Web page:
In the May 2008 Issue of Property Investor News
UK Roads Review
Its almost certainly not an anniversary youve got marked in your diary. But on the 5th December this year, Britains oldest motorway, the M6 Preston Bypass, will celebrate its fiftieth birthday. It didnt go very far back then - just from one side of town to the other. But it signalled one thing: the age of fast and easy (hard to believe if youve travelled the M6 recently) road transport had arrived in Britain.
Over the next couple of decades, motorway development continued apace: It seems unthinkable in todays age of drawn out planning and environmental awareness, but the original M1 between St. Albans and Rugby, which opened in 1959, was built in a little over three years. With one cut of a ribbon, places that were previously a day away could be reached within an hour or so.
Most commentators agree that the enhanced accessibility brought by new roads stimulates property markets to a greater or lesser extent. This can be for a number of reasons: New roads can, of course, help attract industries to places that were previously inaccessible - and by providing jobs boost the local residential property market. They also make certain locations more commutable, bringing commuter-belt residential prices to rural locations. (The M1 and M40, for example, opened up large tracts of Buckinghamshire, Oxfordshire and Warwickshire to commuters.) They also make more places accessible for leisure use. Another aspect to consider is that areas where traffic exceeds local road capacity can become unattractive to industry or for commuting.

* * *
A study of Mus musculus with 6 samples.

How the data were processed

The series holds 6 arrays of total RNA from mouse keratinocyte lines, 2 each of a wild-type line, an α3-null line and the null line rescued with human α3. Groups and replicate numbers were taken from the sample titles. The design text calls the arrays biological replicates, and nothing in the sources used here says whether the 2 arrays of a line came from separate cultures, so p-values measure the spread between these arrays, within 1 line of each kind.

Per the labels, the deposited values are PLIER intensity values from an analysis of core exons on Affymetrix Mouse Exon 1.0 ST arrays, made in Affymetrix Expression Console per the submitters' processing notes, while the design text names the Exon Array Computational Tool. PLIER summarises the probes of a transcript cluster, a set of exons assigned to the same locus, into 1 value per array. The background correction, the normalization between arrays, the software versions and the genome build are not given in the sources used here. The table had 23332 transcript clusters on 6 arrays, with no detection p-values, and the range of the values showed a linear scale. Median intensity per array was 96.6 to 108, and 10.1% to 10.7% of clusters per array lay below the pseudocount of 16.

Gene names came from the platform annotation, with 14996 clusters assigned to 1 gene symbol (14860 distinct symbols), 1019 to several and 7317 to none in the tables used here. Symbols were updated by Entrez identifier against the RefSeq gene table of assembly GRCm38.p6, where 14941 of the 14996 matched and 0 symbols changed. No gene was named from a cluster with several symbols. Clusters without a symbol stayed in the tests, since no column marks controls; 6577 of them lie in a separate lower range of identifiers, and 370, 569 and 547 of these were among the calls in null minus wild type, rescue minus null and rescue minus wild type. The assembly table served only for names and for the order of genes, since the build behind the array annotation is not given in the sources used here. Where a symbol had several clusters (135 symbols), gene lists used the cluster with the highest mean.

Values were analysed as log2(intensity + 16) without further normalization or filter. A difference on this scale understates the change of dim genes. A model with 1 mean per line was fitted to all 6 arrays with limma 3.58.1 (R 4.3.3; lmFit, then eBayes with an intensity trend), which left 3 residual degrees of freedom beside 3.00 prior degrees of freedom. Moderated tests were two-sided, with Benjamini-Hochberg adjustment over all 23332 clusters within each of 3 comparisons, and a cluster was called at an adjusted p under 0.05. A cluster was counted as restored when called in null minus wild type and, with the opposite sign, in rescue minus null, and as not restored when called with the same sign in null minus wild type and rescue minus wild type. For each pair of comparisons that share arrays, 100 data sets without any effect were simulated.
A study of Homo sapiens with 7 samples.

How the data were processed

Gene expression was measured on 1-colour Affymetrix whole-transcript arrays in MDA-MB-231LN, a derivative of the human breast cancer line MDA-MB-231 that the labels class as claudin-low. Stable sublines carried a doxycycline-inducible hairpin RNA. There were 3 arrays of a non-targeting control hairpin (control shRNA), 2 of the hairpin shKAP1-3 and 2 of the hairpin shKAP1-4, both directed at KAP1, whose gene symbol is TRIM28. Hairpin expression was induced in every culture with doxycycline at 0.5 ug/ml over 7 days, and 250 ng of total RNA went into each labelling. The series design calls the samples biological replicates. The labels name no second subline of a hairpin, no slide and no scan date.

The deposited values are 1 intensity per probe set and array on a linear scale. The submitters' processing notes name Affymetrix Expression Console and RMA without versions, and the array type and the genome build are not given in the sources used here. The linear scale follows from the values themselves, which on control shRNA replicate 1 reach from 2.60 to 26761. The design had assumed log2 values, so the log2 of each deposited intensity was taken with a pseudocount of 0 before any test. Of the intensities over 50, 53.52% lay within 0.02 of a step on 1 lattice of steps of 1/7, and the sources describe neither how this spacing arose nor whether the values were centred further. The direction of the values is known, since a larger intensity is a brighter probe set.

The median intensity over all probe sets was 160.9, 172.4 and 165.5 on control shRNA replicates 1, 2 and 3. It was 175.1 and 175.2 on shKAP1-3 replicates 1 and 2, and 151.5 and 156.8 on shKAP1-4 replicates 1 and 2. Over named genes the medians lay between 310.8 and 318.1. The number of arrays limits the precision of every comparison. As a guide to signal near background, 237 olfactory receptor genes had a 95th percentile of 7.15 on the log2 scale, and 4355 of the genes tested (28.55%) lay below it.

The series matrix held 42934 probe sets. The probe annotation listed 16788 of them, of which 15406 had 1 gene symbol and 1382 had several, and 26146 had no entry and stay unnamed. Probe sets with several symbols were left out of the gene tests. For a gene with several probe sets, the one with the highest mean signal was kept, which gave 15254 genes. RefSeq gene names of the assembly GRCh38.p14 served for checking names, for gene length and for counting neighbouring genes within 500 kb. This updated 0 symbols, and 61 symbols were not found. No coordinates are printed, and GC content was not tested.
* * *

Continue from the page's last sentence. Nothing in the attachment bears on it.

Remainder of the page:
Most people who use our roads will, of course, have noticed that road development has become less and less ambitious since 1959 and in some areas is non-existent. In 1989 the then government launched the Roads to Prosperity programme - a plan to spend Â£23bn on 500 major new projects. This was dropped in 1998, leaving a few stranded sections of new motorway, and replaced by a "Targeted Programme of Improvements" which contained just 37!
As well as advocating road pricing the 2006 government-commissioned Transport Study by Sir Rod Eddington claimed about 300-500 miles of extra roads are needed in Britain. However, current and upcoming road schemes are unlikely to add anything like this. In these cost and environment conscious times, even a hard shoulder running scheme or HOV (high occupancy vehicle) lane is being touted as a major road investment.